Saudi Arabia is the world’s top exporter of oil, and the country has thus figured into U.S. energy policy, foreign policy and security considerations. Now, as the U.S. prepares to usher in a new administration, both presidential candidates are trumpeting plans to decrease dependence on foreign oil.
Contributing blogger Bernard Haykel, professor of Near Eastern Studies at Princeton University, examines how Saudis perceive the American election.
Saudi angle on U.S. elections
The Saudis have been remarkably tight-lipped about the U.S. presidential election and about whom they favor among the candidates. Their reticence can be explained, in part, by their bewilderment at the choice.
They don’t know what to think of the real possibility that a young and charismatic black candidate might win. Senator Obama represents the joker in the deck, although they also have a sense that in terms of the pillars of U.S. policy in the Middle East (i.e., oil security and Israel’s security) little will change regardless of the election’s outcome. In other words, they feel the regime’s survival is assured because of the importance of oil.
Historically, the Saudis have favored Republicans for the following reasons: 1) a shared social and economic conservatism and a visceral anti-Communism; 2) the closer ties that Republicans are thought to have to the oil companies and the weapons industry, which represent the two domestic constituencies of, and therefore lobbyists for, the Saudi government in the U.S. political system; and 3) a highly personal (anti-institutional) form of political engagement in foreign affairs, especially in the Middle East. The Saudis like the current President Bush on a personal level, and he appears to relish the all-male gatherings in Saudi Arabia, as can be seen during his last trip to Riyadh in January.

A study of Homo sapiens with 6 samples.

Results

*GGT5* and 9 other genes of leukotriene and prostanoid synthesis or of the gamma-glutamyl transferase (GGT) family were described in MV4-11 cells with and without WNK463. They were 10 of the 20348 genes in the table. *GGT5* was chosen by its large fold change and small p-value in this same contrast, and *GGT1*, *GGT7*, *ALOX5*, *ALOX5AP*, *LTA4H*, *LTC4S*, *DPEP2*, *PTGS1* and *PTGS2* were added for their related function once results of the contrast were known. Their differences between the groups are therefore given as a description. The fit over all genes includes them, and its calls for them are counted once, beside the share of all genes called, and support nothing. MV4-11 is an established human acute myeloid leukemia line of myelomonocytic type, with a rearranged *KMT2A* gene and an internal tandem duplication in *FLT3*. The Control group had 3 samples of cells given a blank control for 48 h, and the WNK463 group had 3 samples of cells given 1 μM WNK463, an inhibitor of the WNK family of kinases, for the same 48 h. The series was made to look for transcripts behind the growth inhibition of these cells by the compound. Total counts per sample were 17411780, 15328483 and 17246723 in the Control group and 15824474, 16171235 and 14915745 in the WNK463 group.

The royal family’s objection to G.W. Bush’s policies have to do with what they perceive to be his impulsive and rash behavior as well as his high-stakes style in foreign policy. On the whole, the Saudis were not in favor of the invasion of Iraq because they were worried of the instability that this would create in the region. The Saudis are, if anything, conservative and don’t like to gamble their survival on military campaigns unless these are absolutely necessary, as in the 1991 Gulf war against the Iraqi invader of Kuwait. Instead, they prefer other means, which include financial inducements and fighting through proxies (e.g., Lebanon today).
Based on all the above, I would guess that the Saudis would prefer if McCain were to win. Furthermore, there are indications that they have a strong dislike to Senator Biden, primarily because of his public criticism of the Saudi royal family, its religious policies, and the very form of rule it represents. The Saudis have been relatively discreet about this animus towards Biden, and when it has surfaced, as in an editorial article by Jamal Khashogi in Al-Watan newspaper earlier this year, it has criticized Biden for his plan to divide Iraq into three parts. I believe the Saudis feel that they can proceed with business-as-usual with McCain but not with Biden, who is, paradoxically perhaps, more ideological when it comes to reforming Saudi Arabia’s regime.